Nova Scotia's Utility and Review Board will decide later this year if ratepayers are entitled to a small refund as a result of a fuel audit on the power company.

Any rebate would work out to only a dollar a month for most homeowners, but Nova Scotia Power disputes it paid too much for coal burned at the Lingan power plant.

The cross-examination of Nova Scotia's Power's fuel experts wrapped up on Friday.

The Review Board's lawyer, Bruce Outhouse, zeroed in on why the Lingan generating station wasn't producing as much electricity during the peak winter months of 2010.

Outhouse said a decision to buy Appalachian coal fixed the problem.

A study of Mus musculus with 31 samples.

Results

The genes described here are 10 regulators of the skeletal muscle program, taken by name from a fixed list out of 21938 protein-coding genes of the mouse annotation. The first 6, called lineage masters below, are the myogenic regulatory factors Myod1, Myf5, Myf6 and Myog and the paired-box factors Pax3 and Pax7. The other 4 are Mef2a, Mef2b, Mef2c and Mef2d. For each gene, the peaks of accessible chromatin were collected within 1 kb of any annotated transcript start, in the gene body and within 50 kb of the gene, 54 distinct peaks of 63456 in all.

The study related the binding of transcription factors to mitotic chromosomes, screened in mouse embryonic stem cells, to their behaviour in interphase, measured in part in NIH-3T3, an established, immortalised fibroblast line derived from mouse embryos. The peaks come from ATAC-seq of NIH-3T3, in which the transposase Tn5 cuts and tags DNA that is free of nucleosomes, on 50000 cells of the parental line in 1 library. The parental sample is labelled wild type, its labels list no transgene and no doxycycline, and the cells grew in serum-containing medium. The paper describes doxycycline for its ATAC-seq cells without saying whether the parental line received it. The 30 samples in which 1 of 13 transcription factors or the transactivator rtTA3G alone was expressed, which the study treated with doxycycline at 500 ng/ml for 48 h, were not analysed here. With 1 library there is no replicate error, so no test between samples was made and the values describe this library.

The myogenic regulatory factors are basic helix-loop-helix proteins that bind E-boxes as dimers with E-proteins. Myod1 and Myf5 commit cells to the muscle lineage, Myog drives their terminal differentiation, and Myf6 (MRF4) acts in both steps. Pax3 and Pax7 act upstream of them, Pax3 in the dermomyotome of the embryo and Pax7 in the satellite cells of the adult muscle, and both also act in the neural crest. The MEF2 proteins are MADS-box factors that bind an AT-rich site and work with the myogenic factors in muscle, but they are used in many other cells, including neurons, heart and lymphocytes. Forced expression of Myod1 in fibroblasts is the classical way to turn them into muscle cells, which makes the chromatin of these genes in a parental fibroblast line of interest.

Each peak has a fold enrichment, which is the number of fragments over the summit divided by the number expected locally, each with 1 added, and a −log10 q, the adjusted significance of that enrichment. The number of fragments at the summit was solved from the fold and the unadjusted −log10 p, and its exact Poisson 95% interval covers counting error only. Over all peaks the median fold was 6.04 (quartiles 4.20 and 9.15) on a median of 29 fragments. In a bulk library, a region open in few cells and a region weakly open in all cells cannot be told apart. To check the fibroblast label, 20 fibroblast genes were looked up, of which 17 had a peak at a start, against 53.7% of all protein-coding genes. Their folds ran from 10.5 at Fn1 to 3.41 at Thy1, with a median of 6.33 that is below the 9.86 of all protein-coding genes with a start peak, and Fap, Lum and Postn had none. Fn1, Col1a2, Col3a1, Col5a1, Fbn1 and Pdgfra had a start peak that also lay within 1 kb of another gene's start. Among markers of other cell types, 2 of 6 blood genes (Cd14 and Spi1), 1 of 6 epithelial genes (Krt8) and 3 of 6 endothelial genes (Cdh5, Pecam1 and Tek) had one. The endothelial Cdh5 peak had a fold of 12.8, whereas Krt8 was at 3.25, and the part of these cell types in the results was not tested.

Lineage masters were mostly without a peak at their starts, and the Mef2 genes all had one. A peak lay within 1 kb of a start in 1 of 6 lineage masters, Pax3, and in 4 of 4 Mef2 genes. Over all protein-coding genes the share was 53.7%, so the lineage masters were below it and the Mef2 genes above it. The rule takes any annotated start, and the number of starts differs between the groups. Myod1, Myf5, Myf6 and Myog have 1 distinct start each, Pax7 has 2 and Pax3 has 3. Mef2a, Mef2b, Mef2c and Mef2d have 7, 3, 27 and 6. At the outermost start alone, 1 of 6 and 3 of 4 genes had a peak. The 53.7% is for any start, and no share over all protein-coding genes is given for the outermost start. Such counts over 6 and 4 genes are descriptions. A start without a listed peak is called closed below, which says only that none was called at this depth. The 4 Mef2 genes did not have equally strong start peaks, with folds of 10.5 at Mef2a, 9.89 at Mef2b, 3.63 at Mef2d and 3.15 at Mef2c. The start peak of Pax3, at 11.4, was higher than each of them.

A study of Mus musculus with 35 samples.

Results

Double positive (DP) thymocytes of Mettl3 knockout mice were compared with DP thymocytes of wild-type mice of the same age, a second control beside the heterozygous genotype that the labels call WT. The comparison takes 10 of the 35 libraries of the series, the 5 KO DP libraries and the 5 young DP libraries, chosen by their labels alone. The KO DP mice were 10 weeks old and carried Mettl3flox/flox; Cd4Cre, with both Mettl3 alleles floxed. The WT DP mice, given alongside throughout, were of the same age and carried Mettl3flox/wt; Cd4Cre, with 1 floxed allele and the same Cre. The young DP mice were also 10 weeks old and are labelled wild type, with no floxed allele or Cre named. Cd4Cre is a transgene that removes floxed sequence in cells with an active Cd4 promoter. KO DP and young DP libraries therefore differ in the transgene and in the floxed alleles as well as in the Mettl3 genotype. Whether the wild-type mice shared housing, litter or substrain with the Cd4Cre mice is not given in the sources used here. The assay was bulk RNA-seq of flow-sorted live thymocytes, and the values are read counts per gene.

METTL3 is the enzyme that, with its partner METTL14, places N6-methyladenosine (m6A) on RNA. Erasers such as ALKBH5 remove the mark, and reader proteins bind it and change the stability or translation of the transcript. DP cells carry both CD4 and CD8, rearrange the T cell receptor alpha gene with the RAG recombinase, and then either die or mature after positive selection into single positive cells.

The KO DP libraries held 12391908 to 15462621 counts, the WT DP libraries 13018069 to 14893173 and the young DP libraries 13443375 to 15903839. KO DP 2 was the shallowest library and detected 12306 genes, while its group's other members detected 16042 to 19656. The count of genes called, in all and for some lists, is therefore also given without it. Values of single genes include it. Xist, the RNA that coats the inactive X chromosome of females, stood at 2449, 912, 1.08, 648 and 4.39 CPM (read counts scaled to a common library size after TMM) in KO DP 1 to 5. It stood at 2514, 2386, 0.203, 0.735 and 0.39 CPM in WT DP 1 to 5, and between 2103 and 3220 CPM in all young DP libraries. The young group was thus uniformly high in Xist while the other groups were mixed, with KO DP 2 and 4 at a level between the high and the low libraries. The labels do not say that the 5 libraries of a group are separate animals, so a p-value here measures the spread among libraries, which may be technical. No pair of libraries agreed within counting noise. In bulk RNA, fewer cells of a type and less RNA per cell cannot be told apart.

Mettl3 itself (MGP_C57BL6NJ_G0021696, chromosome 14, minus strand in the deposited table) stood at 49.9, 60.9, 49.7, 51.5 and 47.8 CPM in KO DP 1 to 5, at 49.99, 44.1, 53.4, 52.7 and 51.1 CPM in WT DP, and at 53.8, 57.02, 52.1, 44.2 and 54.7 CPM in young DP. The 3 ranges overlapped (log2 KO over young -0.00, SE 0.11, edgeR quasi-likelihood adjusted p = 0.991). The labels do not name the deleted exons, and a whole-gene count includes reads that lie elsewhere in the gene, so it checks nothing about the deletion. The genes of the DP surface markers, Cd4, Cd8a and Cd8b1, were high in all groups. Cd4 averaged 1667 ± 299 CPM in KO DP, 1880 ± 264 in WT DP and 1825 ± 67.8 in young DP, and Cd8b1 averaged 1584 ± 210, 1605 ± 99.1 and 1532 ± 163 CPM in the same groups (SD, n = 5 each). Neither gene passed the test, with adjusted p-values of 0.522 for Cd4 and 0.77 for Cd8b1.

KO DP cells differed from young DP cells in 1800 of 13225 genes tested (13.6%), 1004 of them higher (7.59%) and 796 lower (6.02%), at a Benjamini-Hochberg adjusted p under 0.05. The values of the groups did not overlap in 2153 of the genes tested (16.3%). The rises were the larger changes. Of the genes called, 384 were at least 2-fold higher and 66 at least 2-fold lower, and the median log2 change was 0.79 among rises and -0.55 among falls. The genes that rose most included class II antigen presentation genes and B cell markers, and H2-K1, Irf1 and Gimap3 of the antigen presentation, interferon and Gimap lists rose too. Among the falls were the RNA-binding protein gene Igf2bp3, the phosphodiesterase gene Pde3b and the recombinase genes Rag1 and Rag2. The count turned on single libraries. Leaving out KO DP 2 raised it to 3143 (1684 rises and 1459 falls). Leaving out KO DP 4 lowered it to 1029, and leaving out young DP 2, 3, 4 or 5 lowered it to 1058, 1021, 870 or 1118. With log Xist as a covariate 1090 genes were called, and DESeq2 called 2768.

"Why does it say here in this statement that you presented to Liberty explaining the situation that in February and onwards the arrival of these coals have eliminated opacity issues at Lingan?"

Opacity refers to emissions or pollution.

The audit said the utility waited too long to switch to a coal that improved performance at Lingan by 90 percent the next winter.

John Hawkins, Nova Scotia Powers' director of fuel risk management, disagrees.

He blames wet coal for the problem.

"It effectively disappeared for the remainder of the month of January and our explanation for that is that we had experienced significant rainfalls, there's a full page we devoted to the subject of wet fuel being the primary cause," Hawkins said.

The audit blames underperformance at Lingan for a $3.6-million cost to buy replacement energy.

The board must decide if that problem was due to the type of coal or the weather.